I John 3:18

All original content copyright Jessica Nicole Schafer, 2007-2016.

Wednesday, June 22, 2011


Three and a half years. It’s been that long since we lost Her. My Momma.

Has the grief left? No, not at all. (I refuse to believe that “one day” it won’t hurt that I don’t have my Momma here. I don’t see our God as one who sees the need to blot out the memories of our loved ones……if that were so, then what is the point of loving one another now??) Yes, I have laughed since then. I’ve laughed so much that my stomach burned with joy. I’ve felt immense love so much that there are no words to describe- from my amazing husband, son, Daddy, sister, friends, etc. I’ve also still cried. Cried bitter, angry, sad, lonely tears for her.

I’ve mentioned before how many people see grief as something that needs “12 steps” to recover from. Another danger for people experiencing grief is that others see it as a weakness…and will then treat them as a project that needs fixin’. We grow our whole lives being told, “Be strong” when Jesus overcame death with weakness. We say, “Do it yourself!”…when we learn that apart from Him we can do nothing. “Don’t cry”….yet He says he keeps our tears in a bottle. “Don’t depend on anyone”…when we learn from Him to “bear one another’s burdens”.

Grief IS A WEAKNESS. However, what makes us think that being weak is wrong?? We erroneously equate weakness for sin. And it’s not. Sin is making a choice to do the absolute wrong thing. Is grief wrong? NO. Then WHY on earth do we treat hurting people as though they need to “overcome” their grief? Why do we treat them as though they’re stuck in some dark sin? Why on earth do we say things like, “I’ll pray that God gives you strength to get over this, and smile and be happy, even though your loved one is now buried six feet under, and you’ll spend the rest of your life without them”... Sounds ridiculous when you read that out loud, huh?? But let me tell you…..I’ve heard things just like that before, and all too often somebody needing hope whispered to their broken spirit is condescendingly told, “I’ll pray for you”.

Grief brings to the surface an intimate side of us. When we long to have our loved ones back, we are vulnerable. We hurt, and sometimes we have to talk about it. We cry, and sometimes need someone to cry with us. We are often weak from hurting, and the hurt is all we CAN feel. We feel great loss, because great love is there. Weakness is something He was all too familiar with. Heaven help us for ever thinking that as Believers, it is our god-given duty to “be strong” when parts of our very being are dead. Forgive us for belittling those amidst their pain, when bearing their burdens is truly what mirrors Him.

When did we become so arrogant in our faith that we think our grief is something we need to overcome? When Jesus, Himself, missed someone he loved so much, that he brought him back FROM THE DEAD.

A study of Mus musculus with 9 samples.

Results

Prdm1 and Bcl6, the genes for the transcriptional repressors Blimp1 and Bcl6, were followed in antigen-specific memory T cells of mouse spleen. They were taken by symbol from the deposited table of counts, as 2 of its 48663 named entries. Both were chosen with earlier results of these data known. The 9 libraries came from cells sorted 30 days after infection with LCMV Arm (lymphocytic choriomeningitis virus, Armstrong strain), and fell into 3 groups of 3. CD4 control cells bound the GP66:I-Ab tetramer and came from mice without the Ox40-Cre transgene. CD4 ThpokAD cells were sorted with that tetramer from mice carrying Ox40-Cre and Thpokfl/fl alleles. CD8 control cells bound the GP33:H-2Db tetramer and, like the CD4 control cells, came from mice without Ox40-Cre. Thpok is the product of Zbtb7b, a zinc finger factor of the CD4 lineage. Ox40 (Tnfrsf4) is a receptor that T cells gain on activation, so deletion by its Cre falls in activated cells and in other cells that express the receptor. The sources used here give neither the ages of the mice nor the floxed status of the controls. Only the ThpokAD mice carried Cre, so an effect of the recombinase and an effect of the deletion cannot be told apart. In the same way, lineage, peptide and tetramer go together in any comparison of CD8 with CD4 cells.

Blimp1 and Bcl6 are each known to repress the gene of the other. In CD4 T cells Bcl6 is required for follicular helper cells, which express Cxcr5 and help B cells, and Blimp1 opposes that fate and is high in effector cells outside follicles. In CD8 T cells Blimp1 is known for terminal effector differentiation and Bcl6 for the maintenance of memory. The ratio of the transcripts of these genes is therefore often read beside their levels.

I am often appalled at the way we silence someone else’s tears. It sickens me, really. We call them crybabies, we say they just need to get to a “more mature” point, we say we’ll pray they can stop being so sensitive…..when Jesus said we are supposed to be like CHILDREN. What’s the FIRST thing a child does when they are hurting? THEY C R Y!!! They seek comfort. They seek someone’s lap to sit on while they hurt. They want to know they’re not alone. They complain out of their pain. They express a basic, God-given need that we grown-ups often forget….the need for one another. They are honest…so much that they acknowledge the pain within, don’t understand it, but know they need others to lean on. And what do we do? We are there for them (hopefully). But somehow we see grown-ups acting like children, having the audacity to shed a tear because a loved one was ripped out of their lives…..and we tell them to “build a bridge and get over it”. We see someone living with grief that’s too hard to even speak of…..and we choose to ignore them, finding every reason in the book to excuse our unloving responses. God forgive us. Forgive us for only wanting to see Your good side, and ignoring Your sorrowful side.

This God who loves us is not a big fluffy, pink marshmallow of a man who wants nothing for us but rainbows, laughs, riches, and self-righteousness.

He is a paradox. Though He comforts….He causes grief. Though He catches our tears….He causes crying. Though He gives…..he takes away. Though He is present…..He is often absent.

Our tears, our hurts, our broken hearts, our grief…….are all precious to Him. Just as our laughter, joy, prosperity, and smiles may be used to further His Kingdom….. so will our cries, sadness, poverty, broken hearts, and grief. If Jesus’ story is true, then we HAVE to get to a point to live as though we believe this.